Archive for March 7th, 2011

(In addition to appearing at The Captain’s Blog, this post is also being syndicated at TheYankeeAnalysts.)

One of baseball’s most enduring modern myths revolves around the notion that Mariano Rivera has dominated as a closer by using only one pitch. Although Rivera does rely heavily on his much heralded cutter, he also judiciously uses a pinpoint fastball to keep the hitters honest. According to fangraphs.com, Rivera has thrown his fastball as much as 56.6% of the time (2006) and as infrequently as 7.1% (2009). Because the accuracy of pitch identification becomes more questionable the further back you go, some of the figures presented in the chart below need to be taken with a grain of salt, but even if you rely on only the more recent data, the point holds. Rivera isn’t a one-trick pony.

Mariano Rivera’s Fastball/Cutter Ratio

Season Fastball Cutter
2004 48.4% (93.5) 47.5% (93.0)
2005 44.1% (93.4) 54.8% (93.0)
2006 56.6% (93.8) 43.4% (93.2)
2007 26.7% (93.6) 73.2% (93.2)
2008 18.0% (93.1) 82.0% (92.8)
2009 7.1% (91.7) 92.9% (91.3)
2010 15.1% (92.2) 84.9% (91.1)

Source: fangraphs.com

Quite frankly, it really doesn’t matter how many pitches Rivera throws because his dominance speaks for itself. Still, it is nice to have a better understanding of his wizardry, and a recent video analysis done by ESPN’s Sport Science does an excellent job providing an explanation.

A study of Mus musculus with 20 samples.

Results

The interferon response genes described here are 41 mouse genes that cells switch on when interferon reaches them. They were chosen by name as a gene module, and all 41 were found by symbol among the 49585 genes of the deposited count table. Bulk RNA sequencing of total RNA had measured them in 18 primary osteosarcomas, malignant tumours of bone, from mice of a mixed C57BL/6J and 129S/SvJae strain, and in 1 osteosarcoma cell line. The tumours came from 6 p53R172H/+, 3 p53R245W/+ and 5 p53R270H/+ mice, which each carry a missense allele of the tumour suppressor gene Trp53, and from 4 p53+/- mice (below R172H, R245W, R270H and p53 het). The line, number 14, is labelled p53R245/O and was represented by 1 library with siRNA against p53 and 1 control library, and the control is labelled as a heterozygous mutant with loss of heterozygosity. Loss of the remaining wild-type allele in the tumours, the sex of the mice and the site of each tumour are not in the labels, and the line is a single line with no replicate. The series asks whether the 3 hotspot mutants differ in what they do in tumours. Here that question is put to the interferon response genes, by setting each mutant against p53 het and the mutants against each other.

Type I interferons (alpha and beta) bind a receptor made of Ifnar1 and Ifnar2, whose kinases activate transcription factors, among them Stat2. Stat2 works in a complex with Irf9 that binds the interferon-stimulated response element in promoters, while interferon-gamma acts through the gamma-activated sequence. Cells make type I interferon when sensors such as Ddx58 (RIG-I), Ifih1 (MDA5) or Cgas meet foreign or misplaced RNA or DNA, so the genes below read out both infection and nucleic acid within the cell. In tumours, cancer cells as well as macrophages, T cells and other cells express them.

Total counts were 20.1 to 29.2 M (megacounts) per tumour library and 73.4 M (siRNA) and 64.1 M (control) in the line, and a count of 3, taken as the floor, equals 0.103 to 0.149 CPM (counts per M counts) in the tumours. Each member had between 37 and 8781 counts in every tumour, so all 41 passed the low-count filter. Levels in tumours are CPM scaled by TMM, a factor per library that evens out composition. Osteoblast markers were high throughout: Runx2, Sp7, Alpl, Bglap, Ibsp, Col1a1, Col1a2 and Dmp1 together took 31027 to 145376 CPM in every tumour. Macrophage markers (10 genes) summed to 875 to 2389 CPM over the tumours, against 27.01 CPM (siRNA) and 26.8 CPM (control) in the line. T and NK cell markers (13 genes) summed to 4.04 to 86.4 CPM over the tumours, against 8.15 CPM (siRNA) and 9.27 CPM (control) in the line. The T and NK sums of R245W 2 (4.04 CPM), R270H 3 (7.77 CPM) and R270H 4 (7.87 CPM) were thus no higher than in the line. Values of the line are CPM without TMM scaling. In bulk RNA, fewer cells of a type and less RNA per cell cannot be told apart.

According to former major league pitcher and pitching coach Tom House, Rivera really throws four or five different pitches (including variations on his fastball), but what makes him very unique is every single one emanates from almost exactly the same arm slot. Because Rivera doesn’t vary his arm angle, it appears as if he is throwing one pitch, but, as major league hitters have found out the hard way over the past 16 years, looks can be deceiving. About the only difference between Rivera’s fastball and cutter is the spin he puts on them, but this change only manifests itself in the last 10 feet of the ball’s flight. In other words, swinging a bat against Rivera is nothing more than a guessing game.

Mariano Rivera’s Consisent Arm Slot

Source: ESPN Sport Science

Although many have labeled Rivera’s approach as simple, in reality, it is quite literarily a very complex slight of hand. Like any good magician, the Yankees’ closer makes the batters see what they want, and then when they least expect it, he pulls the rabbit out of his hat. That’s why it’s important to note that Rivera doesn’t rely on power or changes of speed. Instead, his amazing career has been built on the last 10 feet his pitches travel. And, as long as he can maintain that level of deception, there’s every reason to believe he can continue be an extremely effective reliever.

Rivera’s success can’t really be defined by one concept or another. In fact, the earthly bounds of science are probably much too limited to capture his true greatness. Instead, it makes more sense to suspend belief and enjoy his sustainable excellence before we are all forced to suffer through the trials of a mortal closer.